Types of criminalisation

  • Criminalises LGBT people
  • Criminalises sexual activity between males
  • Criminalises sexual activity between females

Same-sex sexual activity is prohibited under the Penal Code 2014, which criminalises ‘unlawful sexual intercourse’ and ‘unlawful sexual contact’. This provision carries a maximum penalty of eight years’ imprisonment and 100 lashes. Both men and women are criminalised under this law.

Maldives adopted a new Penal Code in 2014 which criminalises same-sex sexual activity, as well as explicitly criminalising same-sex marriage. Maldives also operates a form of Islamic law, under which same-sex sexual activity is prohibited.

There is growing evidence of the law being enforced in recent years, with reports of people being arrested for alleged same-sex sexual activity, with some arrests appearing to be politically motivated. However, it is not clear how many people have been prosecuted under the new Penal Code. Reports of discrimination and violence being committed against LGBT people is limited due to the absence of LGBT civil society and social stigma which deters individuals from reporting incidents, thought there have been reports of murder, attacks, and harassment in recent years.

Sexual Offence Law Assessment

We’ve also assessed Maldives’ sexual offence laws against international human rights standards. Not only does Maldives criminalise same-sex sexual activity, it also fails to properly protect other vulnerable groups, such as women, children, and people with disability, from sexual offences.

Find out more


In July authorities arrested three men on “suspicion of engaging in homosexual acts”, including the brother of the current speaker of parliament, a former member of parliament, and an officer with the MPS Drug Enforcement Department. They were all charged with homosexuality. Police also confirmed that were investigating dozens of other individuals. The cases stem from leaked videos that allegedly depicted the men having sex with a Bangladeshi national, M.D. Alamgiri, who was arrested on July 12. Some commentators allege that the arrests were politically motivated.

In August, M.D. Alamgiri was sentenced to seven months in prison. In September, he confessed 40 counts of pornography production. The brother of the speaker of parliament was sentenced to three months in house arrest and the police officer to 14 months in prison.

According to the US Department of State, the courts of the Maldives heard 12 cases of individuals charged for engaging in same-sex relations during the year.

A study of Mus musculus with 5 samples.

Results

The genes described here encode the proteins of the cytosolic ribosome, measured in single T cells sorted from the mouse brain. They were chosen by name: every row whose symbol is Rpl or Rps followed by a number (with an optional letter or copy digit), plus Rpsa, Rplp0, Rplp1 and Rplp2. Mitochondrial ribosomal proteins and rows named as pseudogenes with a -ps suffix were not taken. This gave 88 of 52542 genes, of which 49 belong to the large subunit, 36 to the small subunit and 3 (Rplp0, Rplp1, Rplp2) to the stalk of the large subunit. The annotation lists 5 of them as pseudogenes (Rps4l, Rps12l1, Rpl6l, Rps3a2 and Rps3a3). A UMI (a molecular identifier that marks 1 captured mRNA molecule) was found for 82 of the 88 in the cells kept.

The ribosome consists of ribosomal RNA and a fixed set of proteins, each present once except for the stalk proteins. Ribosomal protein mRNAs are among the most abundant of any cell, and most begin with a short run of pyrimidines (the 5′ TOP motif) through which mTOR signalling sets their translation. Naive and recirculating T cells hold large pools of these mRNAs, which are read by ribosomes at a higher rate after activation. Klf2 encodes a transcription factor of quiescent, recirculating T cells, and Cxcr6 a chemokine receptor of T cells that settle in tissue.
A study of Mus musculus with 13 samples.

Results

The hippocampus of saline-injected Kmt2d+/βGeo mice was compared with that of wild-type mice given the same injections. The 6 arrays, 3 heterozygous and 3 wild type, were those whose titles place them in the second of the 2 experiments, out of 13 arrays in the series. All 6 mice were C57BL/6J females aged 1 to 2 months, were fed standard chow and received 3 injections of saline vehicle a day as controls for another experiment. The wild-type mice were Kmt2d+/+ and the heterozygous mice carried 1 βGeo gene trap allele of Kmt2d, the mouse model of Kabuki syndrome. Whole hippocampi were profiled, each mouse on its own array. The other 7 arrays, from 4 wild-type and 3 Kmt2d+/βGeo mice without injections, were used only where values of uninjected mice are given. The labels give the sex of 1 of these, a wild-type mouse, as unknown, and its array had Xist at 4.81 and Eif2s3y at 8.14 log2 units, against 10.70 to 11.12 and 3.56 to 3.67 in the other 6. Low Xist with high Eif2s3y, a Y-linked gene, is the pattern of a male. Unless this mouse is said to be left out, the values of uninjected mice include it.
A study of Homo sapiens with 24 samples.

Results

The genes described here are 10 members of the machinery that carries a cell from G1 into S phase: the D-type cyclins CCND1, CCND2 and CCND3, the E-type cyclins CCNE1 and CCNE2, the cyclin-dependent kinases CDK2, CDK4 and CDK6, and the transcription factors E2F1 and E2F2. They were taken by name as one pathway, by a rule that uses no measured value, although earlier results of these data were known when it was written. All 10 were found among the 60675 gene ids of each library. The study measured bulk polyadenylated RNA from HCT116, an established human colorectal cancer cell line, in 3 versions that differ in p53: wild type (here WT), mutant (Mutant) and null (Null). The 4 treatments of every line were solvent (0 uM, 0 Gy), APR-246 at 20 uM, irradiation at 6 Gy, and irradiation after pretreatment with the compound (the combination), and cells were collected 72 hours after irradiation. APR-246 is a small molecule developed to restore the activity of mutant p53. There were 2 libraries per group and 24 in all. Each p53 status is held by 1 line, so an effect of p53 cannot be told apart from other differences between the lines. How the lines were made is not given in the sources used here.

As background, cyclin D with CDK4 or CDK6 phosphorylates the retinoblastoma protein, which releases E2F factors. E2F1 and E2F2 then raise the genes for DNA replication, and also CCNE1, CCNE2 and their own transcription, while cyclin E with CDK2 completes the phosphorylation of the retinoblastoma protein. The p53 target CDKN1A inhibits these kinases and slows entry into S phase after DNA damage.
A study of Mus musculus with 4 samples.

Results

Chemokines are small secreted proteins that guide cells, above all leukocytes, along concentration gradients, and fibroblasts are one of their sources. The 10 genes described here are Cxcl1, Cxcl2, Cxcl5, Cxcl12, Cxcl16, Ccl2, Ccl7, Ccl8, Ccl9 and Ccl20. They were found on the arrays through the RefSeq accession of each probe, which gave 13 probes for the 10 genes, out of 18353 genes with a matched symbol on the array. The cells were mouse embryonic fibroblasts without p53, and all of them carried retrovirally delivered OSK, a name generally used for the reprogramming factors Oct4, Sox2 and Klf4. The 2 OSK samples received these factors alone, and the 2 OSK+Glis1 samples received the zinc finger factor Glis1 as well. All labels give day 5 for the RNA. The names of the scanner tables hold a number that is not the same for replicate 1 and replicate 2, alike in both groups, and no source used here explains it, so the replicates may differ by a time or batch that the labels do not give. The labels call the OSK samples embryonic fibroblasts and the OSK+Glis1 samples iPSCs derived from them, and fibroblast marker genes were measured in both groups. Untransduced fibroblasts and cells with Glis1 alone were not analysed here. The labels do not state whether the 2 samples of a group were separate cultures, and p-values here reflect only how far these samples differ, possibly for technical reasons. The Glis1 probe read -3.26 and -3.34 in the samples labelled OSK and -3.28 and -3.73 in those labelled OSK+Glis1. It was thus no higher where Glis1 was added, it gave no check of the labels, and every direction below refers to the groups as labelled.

The US Department of State report noted that in June, groups of protestors gathered outside the homes of two men on two separate islands, accusing them of engaging in same-sex relations. Reports suggest that both men were taken into police custody.


In September, police reportedly arrested two men aged 56 and 27 in their private home on the island of Dhaandhoo after receiving a complaint alleging ‘homosexual activity’.


In Malé, the capital of Maldives, a trial for alleged same-sex conduct between a military officer and a security guard began in January.

Speaking about a Maldivian gay man who sought refuge in New Zealand following reported acts of persecution, a spokesman for the President’s office indicated in June that refugees would be prosecuted upon their return to the Maldives.


In August, two men were arrested for reportedly engaging in ‘homosexual activities.’

Discrimination and Violence


The US Department of State report found that there were no reports of officials complicit in abuses against LGBT people, but noted that social stigma likely discouraged reporting. Nevertheless, people who expressed support for LGBT rights on social media were targeted for online harassment.


In July, authorities filed murder charges against three migrant workers for the death of their colleague, who they confessed to killing due to “unwanted advances and forced attempts to have sex”.


The US Department of State report noted that the Ministry of Islamic Affairs continued to block websites considered anti-Islamic or pornographic. As of October, a 2011 Telecommunications Authority ban on a local blog, Hilath.com continued. The original ban came at the request of the Islamic Ministry because of the blog’s alleged anti-Islamic content. The blog was known for promoting religious tolerance, as well as discussing the blogger’s sexual orientation.

In June, a group of men were reportedly attacked for being “gay atheists”. The attackers were recorded as saying: “You homosexual atheists are destroying our country – we will not stand back and watch you do it. 

In a submission to the second UPR cycle in September, the Commonwealth Human Rights Initiative stated that “the unsatisfactory legal situation [in Maldives] discourages individuals from reporting crimes and incidents relating to LGBT related violence and harassment.” The United Nations Population Fund also submitted that “Stereotypes of homosexual men are often portrayed in the media as effeminate and objects of ridicule. The public sector family planning programme including condoms is couple based.


In April, an openly gay blogger had his throat cut. He has since fled the country.


Local Organisations

Rainbow Maldives

a local organisation working to build a strong community for LGBT people.

Related Countries

Sri Lanka

Sri Lanka criminalises same-sex sexual activity between men and between women. The gender expression of trans people is also criminalised. Sentences include a maximum penalty of ten years’ imprisonment and a fine.


Mauritius criminalises same-sex sexual activity between men. Sentences include a maximum penalty of five years’ imprisonment.


Malaysia criminalises same-sex sexual activity between men and between women. The gender expression of trans people is also criminalised. Sentences include a maximum penalty of twenty years’ imprisonment and whipping.